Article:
Demonstration videos:

This page features demonstration videos streamed via YouTube in 720p High Definition (HD) for users who are accessing this page via broadband. If a video is taking too long to load, look near the bottom right of the video screen and press the red HD button; this will turn off HD for faster loading at the expense of video quality. Pressing the HD button again will re-enable HD streaming.

A text-based narration (the large "text" button) is also available for lower end computers or connections, or for people who might not have time to watch an hour or more of material. As this project is extensive and ongoing, videos will be added or updated as necessary.

NOTE: These pages are best viewed with Firefox. Some Internet Explorer users may need to allow Java/ActiveX in order to view the video/narration pop-ups correctly. If a small bar appears at the top of your window, click it and select "Allow Blocked Content." Alternatively, you can use any "Not Working?" link located below each graphic, which will open in a new window.

IMPORTANT UPDATE 12/1/11: The speech clinic has been closed for over a year now. The clinic's last updates were not get recorded. After the list of videos below, you will see a series of screenshots that explain what some of these final features were.

Last Updated: April 13, 2009
Length: 00:20
Narrator: Brian Krent

The Virtual Clinic
Last Updated: April 13, 2009
Length: 01:53
Narrator: Brian Krent


  • Explains the role of the NMU S-L&C Virtual Clinic as a learning and recruiting tool.
  • Demonstrates the merits of creating a photoreal environment despite the limitations of the Second Life graphics engine.
  • Showcases the various rooms and some of their functions.
Communicative AI Demo
Last Updated: April 13, 2009
Length: 07:04
Narrator: Jim Zeigler


  • In-depth look at how two AI, named Megan and Brandon, are able to answer questions and exhibit various stuttering symptoms through their use of punctuation.
THe Larynx Models
Last Updated: April 13, 2009
Length: 08:06
Narrator: Don BIckley


  • Provides an overview of the Voice Education Center, which utilizes student-created PowerPoint presentations.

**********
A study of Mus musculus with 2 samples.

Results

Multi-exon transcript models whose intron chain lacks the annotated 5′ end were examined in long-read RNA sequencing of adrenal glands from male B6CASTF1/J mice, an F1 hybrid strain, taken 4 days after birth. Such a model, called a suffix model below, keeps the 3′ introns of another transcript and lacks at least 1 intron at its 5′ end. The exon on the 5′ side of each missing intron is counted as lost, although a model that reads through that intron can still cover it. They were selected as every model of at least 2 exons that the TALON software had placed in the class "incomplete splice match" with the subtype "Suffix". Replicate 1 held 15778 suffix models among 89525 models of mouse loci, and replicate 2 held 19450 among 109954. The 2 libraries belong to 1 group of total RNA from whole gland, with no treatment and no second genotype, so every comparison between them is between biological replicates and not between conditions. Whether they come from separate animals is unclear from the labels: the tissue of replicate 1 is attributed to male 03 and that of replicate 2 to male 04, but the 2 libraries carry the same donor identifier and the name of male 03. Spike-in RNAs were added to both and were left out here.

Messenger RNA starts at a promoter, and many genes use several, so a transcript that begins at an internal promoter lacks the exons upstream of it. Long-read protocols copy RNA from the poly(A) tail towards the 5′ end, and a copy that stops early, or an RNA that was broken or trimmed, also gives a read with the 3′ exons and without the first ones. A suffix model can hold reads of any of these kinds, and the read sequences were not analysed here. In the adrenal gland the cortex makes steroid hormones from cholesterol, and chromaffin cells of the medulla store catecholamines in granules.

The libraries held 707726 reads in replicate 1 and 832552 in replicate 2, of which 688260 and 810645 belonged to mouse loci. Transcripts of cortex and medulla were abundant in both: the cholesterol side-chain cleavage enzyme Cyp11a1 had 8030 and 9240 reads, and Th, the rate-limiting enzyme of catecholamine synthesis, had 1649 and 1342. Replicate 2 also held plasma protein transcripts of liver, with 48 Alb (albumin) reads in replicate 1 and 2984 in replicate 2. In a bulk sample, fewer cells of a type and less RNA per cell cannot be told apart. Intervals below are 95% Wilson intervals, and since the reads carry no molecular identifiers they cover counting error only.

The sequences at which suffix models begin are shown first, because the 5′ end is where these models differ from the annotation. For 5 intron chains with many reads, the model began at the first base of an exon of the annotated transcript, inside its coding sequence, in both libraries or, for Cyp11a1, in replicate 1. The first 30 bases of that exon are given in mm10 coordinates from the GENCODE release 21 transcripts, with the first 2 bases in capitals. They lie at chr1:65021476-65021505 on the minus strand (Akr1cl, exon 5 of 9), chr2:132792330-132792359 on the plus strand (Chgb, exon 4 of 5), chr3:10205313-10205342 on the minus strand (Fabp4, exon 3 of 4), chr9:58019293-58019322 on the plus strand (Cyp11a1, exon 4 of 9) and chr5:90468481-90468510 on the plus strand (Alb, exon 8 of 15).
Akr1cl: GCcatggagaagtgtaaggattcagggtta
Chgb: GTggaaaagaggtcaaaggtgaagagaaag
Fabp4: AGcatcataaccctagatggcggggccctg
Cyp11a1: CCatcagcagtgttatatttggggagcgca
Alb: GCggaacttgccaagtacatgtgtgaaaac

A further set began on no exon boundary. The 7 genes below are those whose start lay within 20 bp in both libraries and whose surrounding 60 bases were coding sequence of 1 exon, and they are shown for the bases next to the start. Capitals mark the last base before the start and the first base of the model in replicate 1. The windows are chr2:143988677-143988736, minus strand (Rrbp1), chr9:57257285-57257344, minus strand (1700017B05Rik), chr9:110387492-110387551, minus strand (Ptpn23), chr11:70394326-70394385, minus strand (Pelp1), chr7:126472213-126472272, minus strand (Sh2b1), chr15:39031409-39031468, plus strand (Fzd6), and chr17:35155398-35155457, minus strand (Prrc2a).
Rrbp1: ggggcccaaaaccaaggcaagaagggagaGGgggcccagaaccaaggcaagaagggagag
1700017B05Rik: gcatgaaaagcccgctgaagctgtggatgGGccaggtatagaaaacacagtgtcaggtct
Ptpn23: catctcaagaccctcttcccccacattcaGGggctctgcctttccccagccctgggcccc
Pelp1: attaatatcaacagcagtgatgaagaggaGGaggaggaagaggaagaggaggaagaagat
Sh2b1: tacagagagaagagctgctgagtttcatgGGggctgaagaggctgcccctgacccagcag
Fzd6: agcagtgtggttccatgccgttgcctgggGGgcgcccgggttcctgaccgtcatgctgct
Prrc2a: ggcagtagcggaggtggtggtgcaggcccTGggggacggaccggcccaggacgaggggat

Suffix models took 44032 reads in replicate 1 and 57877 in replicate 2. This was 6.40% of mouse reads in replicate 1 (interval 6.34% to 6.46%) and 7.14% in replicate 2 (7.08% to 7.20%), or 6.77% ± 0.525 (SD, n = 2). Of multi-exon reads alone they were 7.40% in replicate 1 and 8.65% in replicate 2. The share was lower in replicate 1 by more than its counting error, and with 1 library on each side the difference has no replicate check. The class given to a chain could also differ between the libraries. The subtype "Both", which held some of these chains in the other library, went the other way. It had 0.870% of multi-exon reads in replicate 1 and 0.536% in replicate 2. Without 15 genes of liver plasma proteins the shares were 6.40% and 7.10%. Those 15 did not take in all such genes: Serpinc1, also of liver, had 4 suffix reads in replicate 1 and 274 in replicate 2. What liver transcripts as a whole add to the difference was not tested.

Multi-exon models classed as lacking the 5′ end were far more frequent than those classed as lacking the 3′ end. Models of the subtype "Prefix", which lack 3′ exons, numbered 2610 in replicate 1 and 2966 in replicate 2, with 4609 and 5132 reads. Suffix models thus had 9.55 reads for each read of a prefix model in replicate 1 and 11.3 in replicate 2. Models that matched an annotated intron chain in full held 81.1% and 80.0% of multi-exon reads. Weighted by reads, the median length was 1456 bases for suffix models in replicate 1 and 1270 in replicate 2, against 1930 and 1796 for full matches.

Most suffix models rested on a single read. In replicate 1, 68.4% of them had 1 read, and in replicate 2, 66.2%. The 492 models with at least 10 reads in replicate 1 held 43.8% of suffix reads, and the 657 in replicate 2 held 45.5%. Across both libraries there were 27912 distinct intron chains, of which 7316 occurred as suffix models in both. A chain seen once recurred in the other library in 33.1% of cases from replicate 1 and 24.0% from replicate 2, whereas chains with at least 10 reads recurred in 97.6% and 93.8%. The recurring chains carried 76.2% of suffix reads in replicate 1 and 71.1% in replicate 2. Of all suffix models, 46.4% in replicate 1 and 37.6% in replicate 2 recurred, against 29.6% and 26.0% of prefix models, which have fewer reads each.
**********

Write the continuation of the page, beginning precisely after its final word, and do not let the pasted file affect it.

• Demonstrates the interactive testing system for Larynx A--as well as a brief look at the animated vocal folds.
  • Demonstrates a special testing system for Larynx A that studies the comparison between short-term learning between in 3D vs. 2D methods.
  • Showcases the three animation cycles of Larynx B.

Newer Upgrades Not Recorded:

The stutterbots were upgraded to make use of NMU's podcast server. Once a question was asked, the bots would play an audio file of the real disfluency occuring naturally in a sentence. These bots were stored on platforms organized by groups of two students. One such platform is pictured below:

I created an ice cave or, as Jim liked to call it, a "Fact-cicle Ice Cave." The large block of ice in the center of the room represents a disfluency known as a block: when words literally become trapped in the throat. Twenty icicles were placed around the block to match the order in which a patient works with each idea and technique to overcome their disfluency. By touching the fact-cicle, the object asks the user a true or false question. Once answered, the user is given a URL to visit for more information about the topic. Here is a shot of the ice cave:

The above environment was created in Maya and texture baked to create the illusion of a complex 3D render. This was my first attempt at trying to bring 3D scenes into Second Life. A few months later, I designed the Lava & Ice Cave Lounge. I created this environment because the students did not like spending their online discussions in the photoreal replica of the clinic; they had to deal with the real clinic for eight or ten hours each day. By creating an impossible atmosphere, they were much more engaged during their discussions. Unfortunately, my cave pushed SL too hard and a lot of students would crash after a few minutes. The lectures were moved onto a tropical island instead. To create the environment, I modeled 80 sculpts in Maya, created my materials, did some light painting, and then baked all of those textures and applied them to sculpted objects within Second Life.


The pop-up code on this page was used with the resources created and provided by Patrick Burt. Click here to be taken to his article.